War Within The State
February 7th, 2013
Okay, making Ida B. share a park with Nathan B. was a lousy idea. But, then, naming a park after grand wizard Forrest and digging him up to put him there was, in retrospect, a lousy idea.
But those are our ideas. Those are our mistakes to correct or fail to do so, our opportunity to grow beyond our differences, our debate to have.
Those of you, and you know who you are, who call your boys in Nashville, and they are boys, to quickly manufacture something to correct something here you don’t like should be put on notice. And every citizen of every city, town and hamlet from Memphis to Bristol should pay attention.
If you invite the state into our house, you’ve invited them into yours, too, and into every house in Tennessee.
As published in The Daily News, February 8, 2013, and in The Memphis News, February 9-15, 2013
(painting: The first Battle of Memphis. By the way, Memphis lost, and was occupied.)
TENNESSEE HAS DECLARED WAR ON SHELBY COUNTY.
We have now renamed three parks. Forrest Park to Health Sciences Park. Confederate Park to Memphis Park. Jefferson Davis Park to Mississippi River Park. The new names are uninspired and uninteresting – they might as well be Boring Park, Bland Park and Whatever Park – but what inspired the changes is what makes them interesting.
They are the latest defense against yet another volley fired at Shelby County from Nashville.
In what could have been an honest debate about how to deal with all of our history for all of our citizens instead of dividing them into opposing camps – about understanding the difference between recognition and honor, reality and romance, truth and myth – the city council was forced instead to take hasty cover from incoming legislative fire.
Two Republicans from Lexington and Murfreesboro have proposed legislation to prohibit the renaming of anything noting military events or people anywhere in Tennessee by any city they don’t like … wait, that’s too limiting … by any city period. This latest attack on our right to make our own civic decisions just happens to coincide with our debate about the names of our parks that mark our history. Not the history of Lexington or Murfreesboro, but our history.
Again, the army running the state legislature has taken dead aim at us in order to correct our wayward behavior and snap us into formation. The party that stands for less government has spent more time here than anywhere else in the state, to the exclusion of virtually everywhere else in the state, to meddle in our affairs and dictate our destiny.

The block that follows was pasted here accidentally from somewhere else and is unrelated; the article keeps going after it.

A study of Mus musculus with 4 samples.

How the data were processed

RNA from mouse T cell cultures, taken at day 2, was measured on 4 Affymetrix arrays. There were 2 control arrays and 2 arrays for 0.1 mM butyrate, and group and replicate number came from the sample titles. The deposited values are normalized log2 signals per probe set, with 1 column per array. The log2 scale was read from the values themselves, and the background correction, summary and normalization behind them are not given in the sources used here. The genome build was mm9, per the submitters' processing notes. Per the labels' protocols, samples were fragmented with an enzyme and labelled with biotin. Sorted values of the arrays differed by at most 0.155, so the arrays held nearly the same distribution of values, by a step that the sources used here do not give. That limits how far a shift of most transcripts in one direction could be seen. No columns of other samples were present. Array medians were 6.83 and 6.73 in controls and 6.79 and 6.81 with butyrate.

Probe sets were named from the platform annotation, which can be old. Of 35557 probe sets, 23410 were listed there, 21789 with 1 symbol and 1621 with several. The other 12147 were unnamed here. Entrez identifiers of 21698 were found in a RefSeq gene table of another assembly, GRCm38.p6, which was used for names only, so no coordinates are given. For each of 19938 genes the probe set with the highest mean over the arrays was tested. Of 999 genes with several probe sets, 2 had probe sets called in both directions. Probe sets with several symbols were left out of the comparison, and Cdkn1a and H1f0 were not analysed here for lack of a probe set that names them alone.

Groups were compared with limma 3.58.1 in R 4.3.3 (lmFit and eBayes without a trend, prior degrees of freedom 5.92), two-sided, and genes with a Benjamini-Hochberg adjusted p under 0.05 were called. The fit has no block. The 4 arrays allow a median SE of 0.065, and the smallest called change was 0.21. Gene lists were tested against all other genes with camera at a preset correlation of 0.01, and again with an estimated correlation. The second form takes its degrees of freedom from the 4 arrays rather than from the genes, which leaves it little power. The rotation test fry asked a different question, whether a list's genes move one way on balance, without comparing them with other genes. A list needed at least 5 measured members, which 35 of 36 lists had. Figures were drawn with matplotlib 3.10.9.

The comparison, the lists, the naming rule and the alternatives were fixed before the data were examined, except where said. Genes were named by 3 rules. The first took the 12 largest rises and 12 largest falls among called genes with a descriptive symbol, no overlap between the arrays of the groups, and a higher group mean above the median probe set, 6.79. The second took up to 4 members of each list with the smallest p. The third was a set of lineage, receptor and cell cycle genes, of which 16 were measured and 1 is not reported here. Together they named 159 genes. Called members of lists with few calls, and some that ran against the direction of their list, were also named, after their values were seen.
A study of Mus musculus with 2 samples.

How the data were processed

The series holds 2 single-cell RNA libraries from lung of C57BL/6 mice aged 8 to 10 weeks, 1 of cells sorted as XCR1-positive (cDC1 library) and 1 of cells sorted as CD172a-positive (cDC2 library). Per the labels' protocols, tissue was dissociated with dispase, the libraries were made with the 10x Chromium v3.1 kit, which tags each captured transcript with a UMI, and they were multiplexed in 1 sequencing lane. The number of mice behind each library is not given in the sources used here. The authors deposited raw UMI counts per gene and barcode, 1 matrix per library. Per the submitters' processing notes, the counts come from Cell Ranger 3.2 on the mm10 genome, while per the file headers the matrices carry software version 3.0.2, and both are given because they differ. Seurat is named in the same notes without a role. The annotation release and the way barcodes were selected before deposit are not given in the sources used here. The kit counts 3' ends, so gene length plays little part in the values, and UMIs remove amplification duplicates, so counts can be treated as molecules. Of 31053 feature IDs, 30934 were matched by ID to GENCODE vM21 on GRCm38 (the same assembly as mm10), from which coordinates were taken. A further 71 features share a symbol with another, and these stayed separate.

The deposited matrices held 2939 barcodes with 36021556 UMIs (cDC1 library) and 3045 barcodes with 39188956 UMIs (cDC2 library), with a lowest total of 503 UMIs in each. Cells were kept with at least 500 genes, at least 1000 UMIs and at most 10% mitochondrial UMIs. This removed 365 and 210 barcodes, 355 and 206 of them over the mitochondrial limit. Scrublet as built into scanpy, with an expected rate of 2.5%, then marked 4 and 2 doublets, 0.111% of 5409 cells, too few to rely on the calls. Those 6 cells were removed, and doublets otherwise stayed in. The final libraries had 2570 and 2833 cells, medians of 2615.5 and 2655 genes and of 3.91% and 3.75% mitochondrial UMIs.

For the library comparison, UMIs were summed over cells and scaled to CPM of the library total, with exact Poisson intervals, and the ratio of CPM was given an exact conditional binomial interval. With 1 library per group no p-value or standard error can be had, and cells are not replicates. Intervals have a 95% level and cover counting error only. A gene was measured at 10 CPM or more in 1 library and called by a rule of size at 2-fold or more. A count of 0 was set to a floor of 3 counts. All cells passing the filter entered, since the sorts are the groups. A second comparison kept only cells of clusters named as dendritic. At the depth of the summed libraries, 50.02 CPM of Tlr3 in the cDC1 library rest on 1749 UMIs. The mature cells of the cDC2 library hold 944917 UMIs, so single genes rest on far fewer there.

This isn’t about monuments and parks commemorating the War Between The States, this is the latest battle in the War Within The State. Nashville is attempting to occupy Shelby County, and whether you’re black or white, Republican or Democrat, red or blue, you should be seeing bright red right now.
Pickler’s charge to change state law to allow multiple school districts led to the surrender of the city school charter and started the sabers rattling in the east. Our own General Norris and aide-de-camp Todd mounted an overnight legislative campaign to pass laws applicable in Shelby County only, and the ensuing battle continues in federal court and continues to divide us. Gadfly Stacey Campfield proposes legislation that would tie whether or not a family on welfare can feed their children to the grades of their children, and there are more families that would take that cold bullet in Shelby County than any other county by far.
The state wants final say on charter schools, and more here than anywhere else. The state wants vouchers, and is carefully defining terms that will affect more of our children than anywhere else. The state wants everybody to carry state ID, and there are more people here than anywhere else that are not just inconvenienced but disenfranchised by that.
This is a state of war. And we’re losing control.
I’m a Memphian, and this corner of Tennessee is ours.